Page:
By Louise Egan
OTTAWA, Feb 3 (Reuters) - The International Monetary Fund (IMF) said Monday Canada’s central bank is likely to hold its main interest rate steady until early 2015, and the bank has limited room to cut rates because of overvalued housing prices and record household debt.
After consultations with Canadian officials on the state of the economy, completed in late January, the IMF concluded the Canadian economy will pick up speed in 2014 as exports get a lift from stronger U.S. growth.
It highlighted concerns that growth remains too reliant on consumer spending and homebuilding, but it sees exports and business investment gradually taking over as the main drivers of growth over the next couple of years.
“Monetary policy should remain accommodative until there are firmer signs that growth is picking up above potential, with a sustainable transition from household spending to exports and business investment,” the Washington, D.C.-based lender said in its report.
The IMF’s projections assume the Bank of Canada’s overnight target rate will start increasing in “early 2015” and rise to 4 percent by 2019. Analysts in a Reuters poll conducted just before the bank’s Jan. 22 rate announcement predicted the bank’s first rate increase would come in the second quarter of 2015.
The bank has kept rates at 1.0 percent since September 2010, but last month it revealed a growing concern about chronically weak inflation, prompting some market players to increase their bets on a rate cut at some point this year.
While the IMF acknowledged a recent cooling of the housing market and household debt, it warned that these problems could flare up again if the bank eases policy.
“The existence of domestic imbalances, however, reduces the room for lowering the policy rate despite the recent moderation in the housing sector and household borrowing,” it said.
The IMF sees inflation returning to the central bank’s 2 percent target by the end of 2015, roughly in line with the bank’s outlook.
Average house prices in the country are still overvalued by 10 percent, the IMF estimated, saying prices were high relative to income and rents, compared with historical averages, and compared with prices in many other advanced economies.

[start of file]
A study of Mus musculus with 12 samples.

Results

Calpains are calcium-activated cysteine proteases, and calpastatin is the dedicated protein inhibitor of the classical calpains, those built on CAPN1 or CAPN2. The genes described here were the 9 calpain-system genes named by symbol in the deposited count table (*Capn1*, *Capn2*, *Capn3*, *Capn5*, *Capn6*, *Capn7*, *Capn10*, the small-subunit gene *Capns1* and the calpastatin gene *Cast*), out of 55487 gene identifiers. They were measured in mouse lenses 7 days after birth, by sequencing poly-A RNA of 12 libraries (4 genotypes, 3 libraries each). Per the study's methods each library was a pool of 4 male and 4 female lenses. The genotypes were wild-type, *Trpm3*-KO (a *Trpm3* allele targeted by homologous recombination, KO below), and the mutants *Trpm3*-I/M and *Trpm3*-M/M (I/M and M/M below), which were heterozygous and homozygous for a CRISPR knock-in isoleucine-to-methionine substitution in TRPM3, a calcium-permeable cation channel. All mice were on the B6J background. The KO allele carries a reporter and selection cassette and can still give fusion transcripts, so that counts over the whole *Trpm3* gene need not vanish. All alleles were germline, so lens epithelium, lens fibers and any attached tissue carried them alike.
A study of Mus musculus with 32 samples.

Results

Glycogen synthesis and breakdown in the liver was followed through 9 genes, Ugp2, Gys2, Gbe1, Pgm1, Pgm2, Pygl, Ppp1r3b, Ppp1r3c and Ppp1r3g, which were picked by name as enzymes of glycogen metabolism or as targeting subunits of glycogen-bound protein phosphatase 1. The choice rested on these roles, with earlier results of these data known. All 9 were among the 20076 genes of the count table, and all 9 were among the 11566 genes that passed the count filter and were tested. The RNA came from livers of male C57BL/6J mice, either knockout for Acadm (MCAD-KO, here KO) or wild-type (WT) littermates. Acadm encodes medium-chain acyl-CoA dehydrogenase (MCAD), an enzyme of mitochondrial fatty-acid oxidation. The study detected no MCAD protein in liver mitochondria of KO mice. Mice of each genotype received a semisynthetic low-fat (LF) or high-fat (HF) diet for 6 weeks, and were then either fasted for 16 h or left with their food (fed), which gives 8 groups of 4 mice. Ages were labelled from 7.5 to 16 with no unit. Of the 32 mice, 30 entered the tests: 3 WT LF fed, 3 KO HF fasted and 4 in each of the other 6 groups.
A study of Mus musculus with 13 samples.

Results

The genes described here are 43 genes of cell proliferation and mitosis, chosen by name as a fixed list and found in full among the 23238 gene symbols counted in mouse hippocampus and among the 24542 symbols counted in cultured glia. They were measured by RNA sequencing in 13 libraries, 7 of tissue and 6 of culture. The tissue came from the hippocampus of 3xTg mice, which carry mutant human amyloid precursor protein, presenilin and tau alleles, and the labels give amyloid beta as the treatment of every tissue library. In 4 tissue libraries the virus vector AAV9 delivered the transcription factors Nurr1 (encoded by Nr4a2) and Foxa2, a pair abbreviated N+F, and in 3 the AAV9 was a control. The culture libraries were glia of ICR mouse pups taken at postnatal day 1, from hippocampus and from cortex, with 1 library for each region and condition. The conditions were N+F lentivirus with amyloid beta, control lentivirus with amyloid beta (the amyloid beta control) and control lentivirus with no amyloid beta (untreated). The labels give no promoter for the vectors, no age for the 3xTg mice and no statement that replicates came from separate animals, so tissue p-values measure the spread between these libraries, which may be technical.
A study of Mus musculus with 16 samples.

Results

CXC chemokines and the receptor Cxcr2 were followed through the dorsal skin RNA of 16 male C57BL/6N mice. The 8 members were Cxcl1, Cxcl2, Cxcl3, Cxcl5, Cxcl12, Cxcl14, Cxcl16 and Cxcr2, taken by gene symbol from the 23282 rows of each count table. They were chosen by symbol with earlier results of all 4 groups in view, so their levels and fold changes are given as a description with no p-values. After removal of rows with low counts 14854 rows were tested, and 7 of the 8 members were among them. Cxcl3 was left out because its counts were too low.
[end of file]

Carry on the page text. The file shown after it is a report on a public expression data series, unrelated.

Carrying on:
As a long-term goal, it urged Ottawa to reduce its exposure to mortgage insurance through the government-owned Canada Mortgage and Housing Corp (CMHC), stressing that this process should be gradual to avoid market disruption.
The federal government guarantees 100 percent of CMHC’s insured loans, and CMHC has a 75 percent share of the mortgage insurance market in the country.
A separate IMF report assessing the stability of Canada’s financial system, also released on Monday, identified mortgages and consumer loans secured by real estate as the single largest source of exposure for banks.
The IMF sees the Canadian economy growing by 1.7 percent in 2013, rising to 2.2 percent in 2014. The Bank of Canada’s 2014 growth forecast is a slightly higher at 2.5 percent.
The IMF suggested the recent depreciation of the Canadian dollar against the U.S. dollar had not given the lift to exports that it normally would.
“In particular, despite the depreciating exchange rate, non-energy exports remained well below the levels reached after earlier recessions,” it said.
The Canadian dollar has fallen sharply since the central bank adopted a more dovish tone last October, and it hit a 4-1/2-year low last week.
The IMF report looked at the depreciation relative to a basket of other currencies and said the Canadian dollar was 10 percent overvalued, on average, in the first 10 months of 2013.
Roberto Cardarelli, the IMF’s mission chief to Canada, later said on a conference call with journalists that the currency fell by about 5 percent in 2013 overall in real, effective terms and was still somewhat overvalued.
“It is moving in the right direction. Our 10 percent overvaluation is probably right now a little bit lower,” he said. “I think what happened over the last two or three months may have reduced the degree of overvaluation but not totally erased it.”
It’s too early to say what impact the weaker currency will have on exports, he said, with stronger U.S. demand likely to be the main driver of export growth.
A decade of a strong currency and low productivity rates may have done long-lasting damage to the export sector.
“As you know, there are other headwinds that we think are still at work, that are more structural in nature. This loss of competitiveness, it’s something that concerns us. It’s something that concerns the authorities as well,” said Cardarelli.
The IMF also had some advice for Finance Minister Jim Flaherty as he prepares to deliver the federal budget on Feb. 11. The lender applauded Ottawa’s steps to eliminate the budget deficit and sees it on track to achieve that in the 2015-16 fiscal year with little effort. It added, “there is room to delay the adjustment needed to return to a balanced budget in 2015 if there is no meaningful pickup in economic growth.”
Growth of less than 2 percent a year would be cause for rethinking the timeline for balanced budgets, said Cardarelli.
The federal deficit is seen shrinking to 0.4 percent of gross domestic product (GDP) in 2014 from 0.8 percent this year, but when provincial government deficits are included, the gap is 3.1 percent of GDP this year and 2.6 percent in 2014.